One of the most beloved and effective arguments of those who favor a softer approach to Moscow regardless of what it does is that such an approach will help liberals in the Kremlin win out. But as two leading Russian analysts point out in a new essay, “there are no liberals” there. Those who say otherwise are deceiving themselves and others. In the latest issue of The American Interest, Anton Barbashin of the Intersection Project and Vladislav Inozemtsev of the Moscow Center for Post-Industrial Studies, say that the dichotomy between “liberals” and “statists” that informs much Western analysis “obscures the real divisions” in Moscow.
Their article merits close study in its entirety. Its key points are as follows:
“Russia watchers love to divide Putin’s inner circle and other decision-making groups in Russia into so-called liberals and étatists. According to this view, certain of Putin’s men believe in some form of liberalism, especially when it comes to the economy. … The other group is the so-called étatists or statesmen, who oppose liberal values, stand for more aggressive foreign and domestic policies, and are generally pro-conflict.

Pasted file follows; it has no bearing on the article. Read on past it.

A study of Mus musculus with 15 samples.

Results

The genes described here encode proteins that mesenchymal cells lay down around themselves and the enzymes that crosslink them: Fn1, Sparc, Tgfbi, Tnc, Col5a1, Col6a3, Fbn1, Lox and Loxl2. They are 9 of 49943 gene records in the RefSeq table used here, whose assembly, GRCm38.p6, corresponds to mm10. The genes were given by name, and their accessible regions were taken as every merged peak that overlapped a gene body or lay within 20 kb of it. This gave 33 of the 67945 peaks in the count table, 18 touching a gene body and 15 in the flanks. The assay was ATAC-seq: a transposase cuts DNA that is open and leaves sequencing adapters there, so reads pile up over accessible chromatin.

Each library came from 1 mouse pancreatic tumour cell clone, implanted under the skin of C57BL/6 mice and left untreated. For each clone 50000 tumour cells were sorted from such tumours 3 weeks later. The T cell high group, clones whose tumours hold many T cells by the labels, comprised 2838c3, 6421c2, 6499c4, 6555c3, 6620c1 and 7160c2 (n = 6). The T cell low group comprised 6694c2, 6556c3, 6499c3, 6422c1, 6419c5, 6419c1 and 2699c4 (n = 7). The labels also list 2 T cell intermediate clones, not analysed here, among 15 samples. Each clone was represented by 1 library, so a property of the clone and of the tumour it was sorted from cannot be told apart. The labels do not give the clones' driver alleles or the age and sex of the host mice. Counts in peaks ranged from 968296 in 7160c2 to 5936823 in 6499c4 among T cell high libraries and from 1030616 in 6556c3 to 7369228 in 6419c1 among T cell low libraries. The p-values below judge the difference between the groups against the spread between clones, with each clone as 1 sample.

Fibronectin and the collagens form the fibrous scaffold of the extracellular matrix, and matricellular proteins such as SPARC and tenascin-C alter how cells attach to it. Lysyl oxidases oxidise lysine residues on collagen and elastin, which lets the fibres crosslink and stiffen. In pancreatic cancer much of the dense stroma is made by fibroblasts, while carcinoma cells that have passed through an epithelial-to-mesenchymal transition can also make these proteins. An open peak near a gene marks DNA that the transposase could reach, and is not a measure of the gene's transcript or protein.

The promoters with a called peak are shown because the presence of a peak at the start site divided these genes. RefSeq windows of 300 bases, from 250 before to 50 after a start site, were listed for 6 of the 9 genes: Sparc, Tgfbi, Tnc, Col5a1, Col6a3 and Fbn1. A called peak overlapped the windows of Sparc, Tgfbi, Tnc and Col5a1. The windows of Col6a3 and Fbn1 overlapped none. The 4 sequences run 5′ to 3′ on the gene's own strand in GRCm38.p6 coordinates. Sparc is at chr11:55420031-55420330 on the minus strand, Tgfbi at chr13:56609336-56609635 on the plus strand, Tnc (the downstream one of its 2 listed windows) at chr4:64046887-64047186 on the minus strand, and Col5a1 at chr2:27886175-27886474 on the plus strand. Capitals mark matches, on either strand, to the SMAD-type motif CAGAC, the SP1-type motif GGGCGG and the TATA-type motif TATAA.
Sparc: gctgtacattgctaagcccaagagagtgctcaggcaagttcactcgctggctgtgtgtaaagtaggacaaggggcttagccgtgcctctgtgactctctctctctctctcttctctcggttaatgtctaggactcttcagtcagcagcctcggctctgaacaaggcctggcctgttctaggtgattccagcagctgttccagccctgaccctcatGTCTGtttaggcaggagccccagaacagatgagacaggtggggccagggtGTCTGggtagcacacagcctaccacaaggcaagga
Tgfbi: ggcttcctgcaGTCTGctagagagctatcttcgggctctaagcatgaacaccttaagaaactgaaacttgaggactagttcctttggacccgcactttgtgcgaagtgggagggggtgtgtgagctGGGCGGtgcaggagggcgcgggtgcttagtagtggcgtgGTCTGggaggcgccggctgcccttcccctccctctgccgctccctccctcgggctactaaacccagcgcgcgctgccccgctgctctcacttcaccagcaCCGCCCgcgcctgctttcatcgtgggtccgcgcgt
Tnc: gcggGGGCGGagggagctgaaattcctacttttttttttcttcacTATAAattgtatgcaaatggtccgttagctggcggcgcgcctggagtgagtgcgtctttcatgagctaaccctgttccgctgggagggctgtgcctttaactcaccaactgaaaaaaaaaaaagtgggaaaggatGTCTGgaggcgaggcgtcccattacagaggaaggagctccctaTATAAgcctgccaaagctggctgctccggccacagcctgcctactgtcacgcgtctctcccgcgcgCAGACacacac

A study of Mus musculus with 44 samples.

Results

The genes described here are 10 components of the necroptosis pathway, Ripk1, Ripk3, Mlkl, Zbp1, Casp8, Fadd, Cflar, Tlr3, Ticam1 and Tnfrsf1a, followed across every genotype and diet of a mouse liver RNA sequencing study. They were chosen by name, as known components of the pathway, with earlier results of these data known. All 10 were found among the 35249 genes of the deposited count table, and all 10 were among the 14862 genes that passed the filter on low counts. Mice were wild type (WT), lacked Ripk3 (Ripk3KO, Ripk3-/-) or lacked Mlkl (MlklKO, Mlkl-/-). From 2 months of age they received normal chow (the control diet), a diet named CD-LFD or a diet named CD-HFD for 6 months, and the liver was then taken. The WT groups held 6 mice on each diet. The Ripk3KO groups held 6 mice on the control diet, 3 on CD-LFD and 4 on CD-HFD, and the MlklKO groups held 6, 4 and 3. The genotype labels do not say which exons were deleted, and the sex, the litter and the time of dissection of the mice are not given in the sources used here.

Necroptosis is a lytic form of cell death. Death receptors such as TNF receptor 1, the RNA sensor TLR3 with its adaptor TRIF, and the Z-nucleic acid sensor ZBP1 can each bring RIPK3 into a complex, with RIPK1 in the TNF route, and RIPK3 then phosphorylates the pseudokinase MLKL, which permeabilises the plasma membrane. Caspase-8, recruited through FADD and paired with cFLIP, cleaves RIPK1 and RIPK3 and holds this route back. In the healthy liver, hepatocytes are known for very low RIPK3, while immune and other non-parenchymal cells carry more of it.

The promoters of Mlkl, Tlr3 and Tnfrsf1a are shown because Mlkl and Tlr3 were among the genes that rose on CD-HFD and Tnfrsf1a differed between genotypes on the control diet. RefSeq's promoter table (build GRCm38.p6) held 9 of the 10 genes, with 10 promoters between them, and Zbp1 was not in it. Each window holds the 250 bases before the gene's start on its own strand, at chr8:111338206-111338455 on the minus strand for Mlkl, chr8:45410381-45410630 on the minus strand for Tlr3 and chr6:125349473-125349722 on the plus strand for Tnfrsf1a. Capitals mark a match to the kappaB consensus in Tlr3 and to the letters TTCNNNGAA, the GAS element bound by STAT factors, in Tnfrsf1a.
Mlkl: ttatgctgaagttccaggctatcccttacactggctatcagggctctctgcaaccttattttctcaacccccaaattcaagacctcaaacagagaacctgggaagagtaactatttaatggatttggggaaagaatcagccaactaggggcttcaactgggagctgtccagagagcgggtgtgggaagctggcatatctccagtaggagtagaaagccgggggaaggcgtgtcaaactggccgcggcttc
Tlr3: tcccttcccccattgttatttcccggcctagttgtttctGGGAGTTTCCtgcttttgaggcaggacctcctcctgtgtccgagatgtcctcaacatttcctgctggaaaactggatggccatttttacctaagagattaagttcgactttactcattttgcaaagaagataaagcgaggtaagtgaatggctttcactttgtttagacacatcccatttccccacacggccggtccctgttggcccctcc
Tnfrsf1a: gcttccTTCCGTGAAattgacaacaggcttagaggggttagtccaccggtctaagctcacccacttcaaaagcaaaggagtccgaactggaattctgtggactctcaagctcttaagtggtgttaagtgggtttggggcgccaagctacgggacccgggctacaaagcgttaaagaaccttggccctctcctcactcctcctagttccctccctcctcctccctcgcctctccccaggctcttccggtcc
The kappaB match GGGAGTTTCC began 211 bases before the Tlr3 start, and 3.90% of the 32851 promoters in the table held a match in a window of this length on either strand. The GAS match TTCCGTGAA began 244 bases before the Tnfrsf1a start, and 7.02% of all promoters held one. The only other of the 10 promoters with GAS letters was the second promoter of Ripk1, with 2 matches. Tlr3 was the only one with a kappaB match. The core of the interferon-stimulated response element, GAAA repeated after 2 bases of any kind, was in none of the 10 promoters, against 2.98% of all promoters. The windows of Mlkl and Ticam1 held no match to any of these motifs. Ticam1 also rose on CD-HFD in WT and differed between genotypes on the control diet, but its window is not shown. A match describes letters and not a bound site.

“Most Russia watchers see the Kremlin’s decisions and policy shifts through the lens of these two opposing groups and their relationship with Putin. This simplistic paradigm portrays Putin as the political leader above all the groups and their spheres of interest. All decisions, thus, emerge from the balancing of the two sides.
“But the bigots continue to treat progressives and neutrals as enemies of the state, along with those among the population who support or sympathize with them. And so the divide within the Russian public persists.
“This divide could be roughly estimated as 80 percent to 20, where 80 percent of Russians are either politically inert or support conservatives (with a minority of them honestly supporting the bigots), while 20 percent at the most are economically and politically progressive.